We were delighted to have Noel Guillama as our guest speaker. Noel is a member of Wellington Rotary and is a nationally recognized expert and lecturer on healthcare management/operations and the use of technology in healthcare. 
Since 1984, Mr. Guillama has been Chairman of Guillama, Inc., a strategic operations consulting and management company in healthcare, technology, construction and real estate.
Noel has served as past Chairman of Quantum Group, Inc. (Quantum) (Formerly NYSE Amex QGP) of Wellington, FL. Quantum is a healthcare information technology company and former CEO of Metropolitan Health Networks, Inc. (Formerly NYSE Amex MDF) one of Florida’s largest healthcare management company. He currently serves as Vice Chairman of Palm Beach State College Foundation, Inc.
Mr. Guillama is a former Trustee of Palms West Hospital in Loxahatchee, FL and has been director of the Palms West Chamber of Commerce in Palm Beach County and Director of The Palm Beach Education Commission. He is a member of the American College of Health Care Executives, the Healthcare and Information Management Systems Society (HIMSS), the Medical Group Management Association and the American College of Medical Practice Executives (ACMPE).
He attended Palm Beach State College, Palm Beach Atlantic University and is a graduate of the Massachusetts Institute of Technology (MIT) and the executive leadership programs at Florida International University and University of Georgia Terry College of Business.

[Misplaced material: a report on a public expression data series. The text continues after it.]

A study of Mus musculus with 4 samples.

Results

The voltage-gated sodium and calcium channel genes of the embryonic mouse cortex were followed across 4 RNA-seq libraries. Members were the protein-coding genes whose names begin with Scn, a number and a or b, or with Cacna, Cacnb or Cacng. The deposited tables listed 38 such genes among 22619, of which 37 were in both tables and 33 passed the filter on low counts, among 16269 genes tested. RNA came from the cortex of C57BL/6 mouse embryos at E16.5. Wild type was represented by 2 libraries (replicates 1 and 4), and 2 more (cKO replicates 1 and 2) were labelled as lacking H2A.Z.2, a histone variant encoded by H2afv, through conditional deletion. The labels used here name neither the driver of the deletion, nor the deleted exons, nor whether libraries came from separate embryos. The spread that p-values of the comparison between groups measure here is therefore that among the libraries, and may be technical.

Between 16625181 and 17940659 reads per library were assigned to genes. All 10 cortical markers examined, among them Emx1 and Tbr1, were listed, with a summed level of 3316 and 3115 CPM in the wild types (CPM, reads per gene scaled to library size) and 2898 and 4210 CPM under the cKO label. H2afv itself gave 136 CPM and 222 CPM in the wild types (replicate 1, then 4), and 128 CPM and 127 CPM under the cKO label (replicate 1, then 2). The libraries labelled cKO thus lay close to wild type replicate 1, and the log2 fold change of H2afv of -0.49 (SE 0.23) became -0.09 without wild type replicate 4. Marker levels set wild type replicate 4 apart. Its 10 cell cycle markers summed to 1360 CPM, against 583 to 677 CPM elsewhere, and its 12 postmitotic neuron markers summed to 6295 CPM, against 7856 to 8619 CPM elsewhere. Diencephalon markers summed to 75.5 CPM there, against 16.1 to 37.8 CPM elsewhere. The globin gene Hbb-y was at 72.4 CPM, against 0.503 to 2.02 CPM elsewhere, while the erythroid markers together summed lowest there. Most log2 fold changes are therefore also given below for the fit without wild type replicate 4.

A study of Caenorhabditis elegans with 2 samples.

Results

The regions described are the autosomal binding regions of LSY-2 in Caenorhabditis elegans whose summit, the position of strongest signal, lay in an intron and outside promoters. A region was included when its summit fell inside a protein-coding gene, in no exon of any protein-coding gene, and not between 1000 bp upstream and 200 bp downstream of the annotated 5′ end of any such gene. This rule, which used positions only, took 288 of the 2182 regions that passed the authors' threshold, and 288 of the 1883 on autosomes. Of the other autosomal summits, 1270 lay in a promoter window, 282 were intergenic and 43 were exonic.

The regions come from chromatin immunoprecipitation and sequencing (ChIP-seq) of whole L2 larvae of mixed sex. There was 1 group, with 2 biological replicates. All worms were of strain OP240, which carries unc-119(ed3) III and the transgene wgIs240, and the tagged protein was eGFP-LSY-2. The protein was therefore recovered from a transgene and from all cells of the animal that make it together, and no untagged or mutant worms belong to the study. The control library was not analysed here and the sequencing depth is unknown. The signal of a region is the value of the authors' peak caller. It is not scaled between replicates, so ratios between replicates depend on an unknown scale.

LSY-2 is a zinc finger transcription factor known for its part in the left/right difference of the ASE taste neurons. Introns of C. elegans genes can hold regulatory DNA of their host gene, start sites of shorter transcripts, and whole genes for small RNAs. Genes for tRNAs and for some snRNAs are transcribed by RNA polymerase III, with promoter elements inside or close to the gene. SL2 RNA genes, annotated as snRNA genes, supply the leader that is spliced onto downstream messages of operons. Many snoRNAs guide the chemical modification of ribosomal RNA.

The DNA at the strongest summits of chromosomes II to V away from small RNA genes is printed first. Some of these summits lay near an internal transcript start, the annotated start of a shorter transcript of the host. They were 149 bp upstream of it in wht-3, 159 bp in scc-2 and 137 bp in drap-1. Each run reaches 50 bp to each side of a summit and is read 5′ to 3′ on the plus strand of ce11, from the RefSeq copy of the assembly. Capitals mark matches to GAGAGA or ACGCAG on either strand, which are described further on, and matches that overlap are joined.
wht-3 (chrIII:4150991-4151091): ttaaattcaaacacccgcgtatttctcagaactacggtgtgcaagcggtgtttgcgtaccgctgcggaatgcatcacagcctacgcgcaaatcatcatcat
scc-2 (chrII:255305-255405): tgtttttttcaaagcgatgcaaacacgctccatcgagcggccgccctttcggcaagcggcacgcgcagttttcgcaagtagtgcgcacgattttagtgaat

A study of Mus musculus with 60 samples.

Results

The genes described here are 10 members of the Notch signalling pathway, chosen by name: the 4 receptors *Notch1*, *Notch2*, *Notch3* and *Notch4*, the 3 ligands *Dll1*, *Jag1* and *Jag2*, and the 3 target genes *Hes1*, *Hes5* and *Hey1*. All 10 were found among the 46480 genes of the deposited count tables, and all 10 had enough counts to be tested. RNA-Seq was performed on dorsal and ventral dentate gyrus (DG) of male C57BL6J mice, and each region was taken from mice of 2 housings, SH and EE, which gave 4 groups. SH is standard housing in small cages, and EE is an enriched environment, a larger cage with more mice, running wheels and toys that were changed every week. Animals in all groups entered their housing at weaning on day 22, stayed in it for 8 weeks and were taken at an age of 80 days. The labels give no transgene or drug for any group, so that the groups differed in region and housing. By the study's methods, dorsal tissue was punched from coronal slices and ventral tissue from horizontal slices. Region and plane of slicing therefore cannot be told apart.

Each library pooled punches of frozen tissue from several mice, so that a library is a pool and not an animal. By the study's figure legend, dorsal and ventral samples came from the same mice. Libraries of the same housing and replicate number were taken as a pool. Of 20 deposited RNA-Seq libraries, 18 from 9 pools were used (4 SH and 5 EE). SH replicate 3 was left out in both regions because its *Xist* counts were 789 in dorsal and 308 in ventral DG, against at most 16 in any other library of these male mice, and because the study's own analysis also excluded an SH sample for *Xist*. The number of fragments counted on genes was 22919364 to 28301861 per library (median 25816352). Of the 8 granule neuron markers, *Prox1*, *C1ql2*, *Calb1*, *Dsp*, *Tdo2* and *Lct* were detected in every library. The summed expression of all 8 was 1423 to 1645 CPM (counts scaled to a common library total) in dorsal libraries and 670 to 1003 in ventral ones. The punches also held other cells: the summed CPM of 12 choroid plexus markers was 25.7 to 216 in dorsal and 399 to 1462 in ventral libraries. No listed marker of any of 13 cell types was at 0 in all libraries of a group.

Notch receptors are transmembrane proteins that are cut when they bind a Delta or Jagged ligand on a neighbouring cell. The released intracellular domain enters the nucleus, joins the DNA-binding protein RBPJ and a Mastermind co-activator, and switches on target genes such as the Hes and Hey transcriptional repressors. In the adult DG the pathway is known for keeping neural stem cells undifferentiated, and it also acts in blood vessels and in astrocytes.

Mr. Guillama was born in Havana, Cuba and has been a resident of Palm Beach County, Florida for 40 years.
Here’s a summary of notes from his talk –
  • Got into healthcare when guy from IBM wanted to create a healthcare company
  • The #1 business in the US; 17% of GDP
  • Medicare $700 billion $300billion in Medicaid – a $1  trillion total market
  • Baby boomers are going to stress the health care system.
  • Increasing to $3.7T to $6.7 trillion in the next 20 years
  • Big growth in insurance companies
  • UHC 2Q this year profits doubled from last year due to elected procedures were not done so they had more profits.  They have $230 billion in revenue.
  • On the other hand, hospitals have been inundated with Covid-19 cases
  • Government drives healthcare – More Medicare Advantage programs that are services orientated vs fee for service
  • Much better than fee for services … you’ll see dental and hearing introduced as services.
  • Technology is driving this migration to combination services
  • Smartphones migration … much more virtual Telemedicine care, e.g., watch events in your body and avoid emergency care. 70% of hospital admissions comes from the Emergency
  • Biden: expanding public option by expanding Medicare to 50-64 add to Medicare. But Medicare pays 1/3 of what private insurance pays
  • Covid is related to Black Death
  • Renaissance in health care better services and more growth
  • Real competition not likely but Baptist Health will feel pressure due to no certificate of need
  • Close to paying people to get/stay healthy vs. cost of treating illness
  • Rural hospitals at most risk.
  • Average stay was 7.5 days down to 2.5 days but now but on the rise due to Covid.
  • FEMA may build emergency hospitals around the country to deal with the next crisis.
  • Healthcare is not patient centric. Rather, it’s doctor, hospital and insurance centric
  • Note that 33% of all healthcare is hospital related
  • Where can we deal with prescription prices? Transparency will help…. Simply publish who is paying what.
  • Hidden costs with hospital illness codes … need to publish actual costs … they don’t want it to be public
  • Medicare for all … will result in loss of many thousands of hospitals going out of business. Why? Because Medicare currently only pays a small percentage of the bill. Hospitals make up for it through reimbursements from private care insurance. If the only reimbursement were Medicare, the hospitals couldn’t survive.